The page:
Alaskan Tapes 
Who Tends a Garden 

Nettwerk • 2023

On his seventh album, Alaskan Tapes finds new and exciting ways to immerse listeners into his ambient world.

If it was possible to create the ideal soundtrack for intimate spaces, Toronto’s Brady Kendall, who records as Alaskan Tapes, would know how to do it. Since 2016, he has created gorgeous and textured ambient music that has won that has built an international fanbase and millions of streams.  On his seventh album, Who Tends a Garden, he shows why he has been at the forefront of a recent ambient resurgence and has become one of the most beloved artists in the genre.

The domination of streaming services in the past few years has allowed artists like Alaskan Tapes to find broad audiences looking for calming background music that functions beautifully in the background. On some of these playlists, tracks might be simple and unassuming yet arresting. And so many of them owe many debts to the template Kendall built. On Who Tends a Garden, he uses the same subtle yet sophisticated framework while injecting new and creative musical ideas. On “(Who Tends a Garden),” the sound of a pitch-shifted trumpet temporarily stands out and returns into the fold enough to draw in the listener. Synth and guitar swells fade into minimal piano. “Still Dividing and Dividing Still” offers a rush of drone textures before moving into a sparse, slowly pulsating synth melody. Kendall’s attention to these subtle details has made his music resonate with so many listeners.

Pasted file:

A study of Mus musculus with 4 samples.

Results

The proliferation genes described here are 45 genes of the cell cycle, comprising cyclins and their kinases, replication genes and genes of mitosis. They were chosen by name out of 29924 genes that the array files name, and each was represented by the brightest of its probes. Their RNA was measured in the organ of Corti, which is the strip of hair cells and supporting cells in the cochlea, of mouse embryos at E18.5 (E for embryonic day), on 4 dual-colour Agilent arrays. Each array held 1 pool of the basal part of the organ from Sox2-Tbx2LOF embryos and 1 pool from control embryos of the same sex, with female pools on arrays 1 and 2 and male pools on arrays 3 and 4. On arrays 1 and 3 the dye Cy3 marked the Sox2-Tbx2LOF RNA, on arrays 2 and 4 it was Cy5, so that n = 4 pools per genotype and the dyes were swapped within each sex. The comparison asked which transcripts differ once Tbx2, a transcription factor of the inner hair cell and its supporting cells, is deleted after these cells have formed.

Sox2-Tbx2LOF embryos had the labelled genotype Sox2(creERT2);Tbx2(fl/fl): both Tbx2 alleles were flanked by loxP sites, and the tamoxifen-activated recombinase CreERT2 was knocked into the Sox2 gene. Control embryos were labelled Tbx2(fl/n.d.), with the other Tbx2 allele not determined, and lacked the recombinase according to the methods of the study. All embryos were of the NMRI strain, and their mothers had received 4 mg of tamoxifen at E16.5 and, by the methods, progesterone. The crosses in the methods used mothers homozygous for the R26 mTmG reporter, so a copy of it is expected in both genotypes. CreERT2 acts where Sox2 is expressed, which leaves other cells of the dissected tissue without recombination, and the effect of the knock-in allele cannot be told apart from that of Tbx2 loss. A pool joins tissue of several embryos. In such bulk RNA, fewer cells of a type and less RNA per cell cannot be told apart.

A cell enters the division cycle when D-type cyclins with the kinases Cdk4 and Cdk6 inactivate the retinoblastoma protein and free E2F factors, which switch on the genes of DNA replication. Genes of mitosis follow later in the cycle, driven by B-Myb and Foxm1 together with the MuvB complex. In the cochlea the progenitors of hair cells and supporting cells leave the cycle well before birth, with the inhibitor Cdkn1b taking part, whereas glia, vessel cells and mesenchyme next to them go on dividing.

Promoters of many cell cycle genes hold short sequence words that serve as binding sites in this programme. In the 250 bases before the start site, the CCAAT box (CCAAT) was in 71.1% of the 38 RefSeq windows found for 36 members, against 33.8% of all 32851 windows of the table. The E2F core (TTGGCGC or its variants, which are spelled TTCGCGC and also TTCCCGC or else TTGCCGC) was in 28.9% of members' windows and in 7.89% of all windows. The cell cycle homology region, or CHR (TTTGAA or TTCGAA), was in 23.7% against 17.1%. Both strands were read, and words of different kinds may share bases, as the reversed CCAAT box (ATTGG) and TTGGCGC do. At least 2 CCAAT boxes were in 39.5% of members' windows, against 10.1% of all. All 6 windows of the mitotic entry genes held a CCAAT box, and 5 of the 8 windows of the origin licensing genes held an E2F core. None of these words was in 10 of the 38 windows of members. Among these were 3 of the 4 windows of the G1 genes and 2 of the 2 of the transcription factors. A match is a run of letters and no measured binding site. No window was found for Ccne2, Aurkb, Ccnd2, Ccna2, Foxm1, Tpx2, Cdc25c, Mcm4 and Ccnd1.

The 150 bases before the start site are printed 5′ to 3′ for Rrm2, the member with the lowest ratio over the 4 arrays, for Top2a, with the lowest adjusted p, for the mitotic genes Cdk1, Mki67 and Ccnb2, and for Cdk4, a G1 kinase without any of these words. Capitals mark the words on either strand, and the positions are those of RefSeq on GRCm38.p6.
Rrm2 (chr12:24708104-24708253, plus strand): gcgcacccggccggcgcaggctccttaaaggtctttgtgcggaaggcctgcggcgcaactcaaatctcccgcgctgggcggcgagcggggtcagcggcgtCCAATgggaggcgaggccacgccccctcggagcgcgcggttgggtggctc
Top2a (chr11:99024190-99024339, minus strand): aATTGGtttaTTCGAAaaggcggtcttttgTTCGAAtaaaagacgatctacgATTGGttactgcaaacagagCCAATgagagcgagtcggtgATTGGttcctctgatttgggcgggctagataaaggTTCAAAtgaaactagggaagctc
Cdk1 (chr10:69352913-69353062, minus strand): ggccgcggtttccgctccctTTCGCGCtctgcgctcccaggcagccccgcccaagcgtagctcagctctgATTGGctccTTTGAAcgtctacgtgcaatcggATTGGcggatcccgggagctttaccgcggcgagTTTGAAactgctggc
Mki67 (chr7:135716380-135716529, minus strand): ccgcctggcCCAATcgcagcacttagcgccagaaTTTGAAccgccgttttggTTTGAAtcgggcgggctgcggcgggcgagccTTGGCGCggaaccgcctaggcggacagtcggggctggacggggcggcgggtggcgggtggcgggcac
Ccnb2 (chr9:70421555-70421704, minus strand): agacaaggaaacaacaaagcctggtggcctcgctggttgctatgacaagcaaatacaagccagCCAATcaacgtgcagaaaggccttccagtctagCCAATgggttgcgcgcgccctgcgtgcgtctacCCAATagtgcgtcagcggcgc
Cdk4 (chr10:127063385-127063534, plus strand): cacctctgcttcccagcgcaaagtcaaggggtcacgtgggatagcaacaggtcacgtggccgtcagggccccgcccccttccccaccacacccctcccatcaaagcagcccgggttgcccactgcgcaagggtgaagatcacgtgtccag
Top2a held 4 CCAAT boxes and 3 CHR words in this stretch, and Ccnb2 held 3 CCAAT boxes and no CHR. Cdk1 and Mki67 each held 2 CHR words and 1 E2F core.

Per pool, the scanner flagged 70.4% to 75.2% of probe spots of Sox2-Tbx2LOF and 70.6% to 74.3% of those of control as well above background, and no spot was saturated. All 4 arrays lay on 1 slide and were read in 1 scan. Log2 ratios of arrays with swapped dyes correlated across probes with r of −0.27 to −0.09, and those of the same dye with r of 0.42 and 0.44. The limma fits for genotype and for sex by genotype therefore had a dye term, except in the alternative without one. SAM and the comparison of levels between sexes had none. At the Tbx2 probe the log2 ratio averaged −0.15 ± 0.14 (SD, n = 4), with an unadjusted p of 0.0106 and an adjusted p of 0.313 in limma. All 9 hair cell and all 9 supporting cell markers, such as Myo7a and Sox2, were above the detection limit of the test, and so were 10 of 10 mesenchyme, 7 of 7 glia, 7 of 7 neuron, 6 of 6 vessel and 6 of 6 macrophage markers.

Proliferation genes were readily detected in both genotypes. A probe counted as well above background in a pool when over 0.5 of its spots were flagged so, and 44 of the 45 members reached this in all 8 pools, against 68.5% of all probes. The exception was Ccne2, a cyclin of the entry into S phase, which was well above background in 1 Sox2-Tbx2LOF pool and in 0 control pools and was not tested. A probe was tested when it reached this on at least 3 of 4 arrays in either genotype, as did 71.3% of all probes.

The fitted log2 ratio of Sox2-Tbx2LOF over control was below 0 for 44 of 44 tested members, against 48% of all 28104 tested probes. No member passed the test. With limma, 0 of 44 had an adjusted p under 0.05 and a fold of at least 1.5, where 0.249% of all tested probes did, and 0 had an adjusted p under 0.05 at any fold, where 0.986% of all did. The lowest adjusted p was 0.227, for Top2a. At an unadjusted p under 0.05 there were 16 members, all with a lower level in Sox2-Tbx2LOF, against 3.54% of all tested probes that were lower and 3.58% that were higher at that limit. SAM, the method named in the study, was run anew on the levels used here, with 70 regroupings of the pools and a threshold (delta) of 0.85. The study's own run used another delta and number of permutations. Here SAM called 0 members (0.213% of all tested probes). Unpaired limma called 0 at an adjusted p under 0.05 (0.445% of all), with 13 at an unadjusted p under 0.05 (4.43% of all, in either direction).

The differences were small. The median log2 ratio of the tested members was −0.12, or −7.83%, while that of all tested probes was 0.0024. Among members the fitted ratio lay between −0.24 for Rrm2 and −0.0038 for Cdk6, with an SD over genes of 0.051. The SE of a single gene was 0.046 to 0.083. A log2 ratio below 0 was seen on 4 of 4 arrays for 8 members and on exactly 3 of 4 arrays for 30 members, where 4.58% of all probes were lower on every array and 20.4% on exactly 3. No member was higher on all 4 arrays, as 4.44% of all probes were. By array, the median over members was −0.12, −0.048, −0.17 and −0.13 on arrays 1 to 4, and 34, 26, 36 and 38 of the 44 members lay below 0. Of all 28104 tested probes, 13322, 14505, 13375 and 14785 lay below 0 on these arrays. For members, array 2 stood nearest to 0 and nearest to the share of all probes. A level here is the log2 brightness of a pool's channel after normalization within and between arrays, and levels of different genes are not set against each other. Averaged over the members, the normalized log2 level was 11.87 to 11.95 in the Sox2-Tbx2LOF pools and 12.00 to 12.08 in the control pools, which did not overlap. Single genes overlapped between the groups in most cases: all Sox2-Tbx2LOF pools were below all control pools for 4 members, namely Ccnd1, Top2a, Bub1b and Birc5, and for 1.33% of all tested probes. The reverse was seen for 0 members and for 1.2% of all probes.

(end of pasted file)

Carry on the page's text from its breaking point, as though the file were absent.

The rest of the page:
Ambient music is at the meeting point between neoclassical, electronic, post-rock, and experimental styles. Who Tends a Garden balances Kendall’s influences within the aforementioned genres across its nine tracks. Kendall finds different sounds and elements to frame the album like a story, with piano playing a more prominent part on early tracks and longer drone pieces taking over the album’s back half. For several years, Kendall has hosted a Spotify playlist called Songs To Get Lost In, and it’s a genuinely spot-on descriptor for the nine-minute penultimate track, “Swimming and Dancing and Floating In Circles,” which moves slowly and subtly, filling the quiet with just the right amount of sound.

Alaskan Tapes has continued to add to his impressive discography. On Who Tends a Garden, he finds new and exciting ways to incorporate various sounds and influences into gorgeous ambient music that feels primed for a quiet winter day staying inside to read a book. Almost as if the album’s January release was planned that way.